Does MENA's Governance Lead to Spatial Agglomeration and Disparities?

ACCOUNTABILITY AGRICULTURAL POPULATION AGRICULTURE AVERAGE LEVEL AVERAGE PERFORMANCE BUSINESS ENVIRONMENT CITIZENS COMPETITIVENESS COUNTRY CLASSIFICATION COUNTRY SIZE CROSS-COUNTRY ANALYSIS CROSS-SECTIONAL DATA CULTURAL CHANGE DATA SET DEBT DECENTRALIZATION DEMOCRACY DEPENDENT VARIABLE DEVELOPING COUNTRIES DEVELOPMENT ECONOMICS ECONOMETRIC ANALYSIS ECONOMETRIC MODELS ECONOMIC ACTIVITY ECONOMIC CONCENTRATION ECONOMIC DEVELOPMENT ECONOMIC GEOGRAPHY ECONOMIC GROWTH ECONOMIC HISTORY ECONOMIC INTEGRATION ECONOMIC OPPORTUNITIES ECONOMIC PERFORMANCE ECONOMIC POLICY ECONOMIC RESEARCH ECONOMIC REVIEW ECONOMIC TRANSFORMATION EMPIRICAL EVIDENCE EMPIRICAL LITERATURE EXPLANATORY FACTORS EXPLANATORY VARIABLE EXPORTS EXTERNAL ACCOUNTABILITY FAMILY PLANNING FERTILITY FOOD SECURITY FOREIGN EXCHANGE GDP GDP PER CAPITA GENERAL EQUILIBRIUM ANALYSIS GOVERNANCE INDICATORS GOVERNANCE QUALITY HIGH GROWTH HIV HUMAN CAPITAL INCOME INCOME INEQUALITY INCREASING RETURNS INDUSTRIALIZATION INEQUALITY INTERNATIONAL COMPARISONS INTERNATIONAL TRADE INVENTORIES INVERTED-U RELATIONSHIP INVESTMENT CLIMATE JOB CREATION LABOR MARKET LABOUR FORCE LAND TENURE LARGE POPULATION LEVEL OF DEVELOPMENT LIVING STANDARDS LOCAL GOVERNMENTS LOW INCOME LOW INCOME COUNTRIES MACROECONOMIC MANAGEMENT MEAN VALUE MEASUREMENT ERRORS MEDIAN VOTER MIDDLE INCOME COUNTRIES MIGRATION MILLENNIUM DEVELOPMENT GOALS NATIONAL DEVELOPMENT NATIONAL GOVERNMENTS NATURAL RESOURCES NEGATIVE EFFECT NEGATIVE LINK NEGATIVE RELATIONSHIP NUTRITION POLICY IMPLICATIONS POLICY MAKERS POLICY OPTIONS POLICY RESEARCH POLICY RESEARCH WORKING PAPER POLITICAL ECONOMY POLITICAL INSTABILITY POLITICAL INSTITUTIONS POLITICAL PARTIES POLITICAL PROCESS POLITICAL RIGHTS POLITICAL SCIENCE POLITICAL STABILITY POPULATION DENSITY POPULATION SIZE POSITIVE CORRELATION POSITIVE EFFECT PRIMATE CITY PROGRESS PUBLIC DEBT PUBLIC EXPENDITURE PUBLIC POLICIES PUBLIC SECTOR PUBLIC SERVICES PURCHASING POWER PURCHASING POWER PARITY REGIONAL DIFFERENCES REGIONAL GROWTH REGIONAL INEQUALITY RURAL AREAS RURAL DEVELOPMENT RURAL POPULATIONS SECTOR EMPLOYMENT SIGNIFICANT DIFFERENCES SIGNIFICANT EFFECT SIGNIFICANT RELATIONSHIP SOCIAL DEVELOPMENT SOCIAL SCIENCES STATISTICAL ANALYSIS TAX SYSTEM TAXATION TELECOMMUNICATIONS TOTAL FACTOR PRODUCTIVITY TRADE LIBERALIZATION TRADE POLICY TRANSPORTATION URBAN AREAS URBAN DEVELOPMENT URBAN POPULATION URBANIZATION URBANIZATION RATE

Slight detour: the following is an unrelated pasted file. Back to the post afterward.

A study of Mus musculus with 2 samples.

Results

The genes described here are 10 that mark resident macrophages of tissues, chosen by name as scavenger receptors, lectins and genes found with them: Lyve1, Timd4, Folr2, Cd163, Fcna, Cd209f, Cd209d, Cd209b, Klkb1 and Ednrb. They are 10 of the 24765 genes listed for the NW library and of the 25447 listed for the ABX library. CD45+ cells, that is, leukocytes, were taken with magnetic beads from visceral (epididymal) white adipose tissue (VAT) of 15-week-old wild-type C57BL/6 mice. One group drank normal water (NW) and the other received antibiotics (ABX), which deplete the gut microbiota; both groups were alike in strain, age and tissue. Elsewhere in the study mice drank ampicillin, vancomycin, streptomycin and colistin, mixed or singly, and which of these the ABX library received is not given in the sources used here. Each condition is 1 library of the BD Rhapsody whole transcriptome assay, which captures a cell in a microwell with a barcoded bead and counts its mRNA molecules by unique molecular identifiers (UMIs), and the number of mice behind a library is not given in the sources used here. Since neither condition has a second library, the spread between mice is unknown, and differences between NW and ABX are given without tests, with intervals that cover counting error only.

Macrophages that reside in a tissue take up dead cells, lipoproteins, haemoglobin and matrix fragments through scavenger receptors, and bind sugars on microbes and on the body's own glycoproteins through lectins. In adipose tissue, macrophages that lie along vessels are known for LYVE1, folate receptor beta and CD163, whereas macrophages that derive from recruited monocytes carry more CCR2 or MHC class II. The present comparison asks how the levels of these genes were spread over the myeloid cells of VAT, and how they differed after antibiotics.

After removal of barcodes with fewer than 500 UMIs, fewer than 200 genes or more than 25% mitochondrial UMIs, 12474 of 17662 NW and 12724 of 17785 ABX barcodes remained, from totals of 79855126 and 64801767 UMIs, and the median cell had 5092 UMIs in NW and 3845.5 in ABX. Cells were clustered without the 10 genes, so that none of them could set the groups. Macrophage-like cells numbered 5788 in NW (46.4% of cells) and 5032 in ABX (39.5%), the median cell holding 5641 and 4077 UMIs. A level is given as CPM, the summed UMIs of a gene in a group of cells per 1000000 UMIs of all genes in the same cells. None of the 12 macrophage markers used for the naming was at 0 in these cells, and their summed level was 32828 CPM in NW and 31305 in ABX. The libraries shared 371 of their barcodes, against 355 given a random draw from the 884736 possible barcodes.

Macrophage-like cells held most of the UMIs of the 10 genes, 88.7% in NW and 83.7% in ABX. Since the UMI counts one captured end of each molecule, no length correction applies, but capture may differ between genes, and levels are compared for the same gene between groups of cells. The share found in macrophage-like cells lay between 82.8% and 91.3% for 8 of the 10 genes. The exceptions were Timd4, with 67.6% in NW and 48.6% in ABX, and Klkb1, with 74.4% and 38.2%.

Middle East and North Africa
2017-06-27T19:01:55Z | 2017-06-27T19:01:55Z | 2011-04

In this paper the author analyze the link between spatial agglomeration, spatial disparities and political governance with an emphasis on the Middle East and North Africa (MENA) region. The agglomeration index and the urban-rural consumption ratio are used respectively as a measurement of spatial agglomeration and spatial disparities. The author distinguishes two aspects of political governance: political rights and political stability. Statistically, we find that agglomeration rate is higher in MENA, whereas the indexes of political rights and political stability are lower in MENA compared to the rest of the world and other lower middle income countries. When running the regressions, the data better fit the agglomeration model than the urban-rural consumption ratio model. Using cross-sectional data for 182 countries around the world, the author find that the political rights index is negatively and significantly linked to the agglomeration rate. Our results suggest that an improvement in MENA countries' level of political rights to the average of the rest of the world would be associated with agglomeration rate 4 percentage points lower than its average level in the region. The data also reveal an inverted-U relationship between the agglomeration rate and Gross Domestic Product (GDP) per capita, and a negative relationship between trade openness and the agglomeration rate.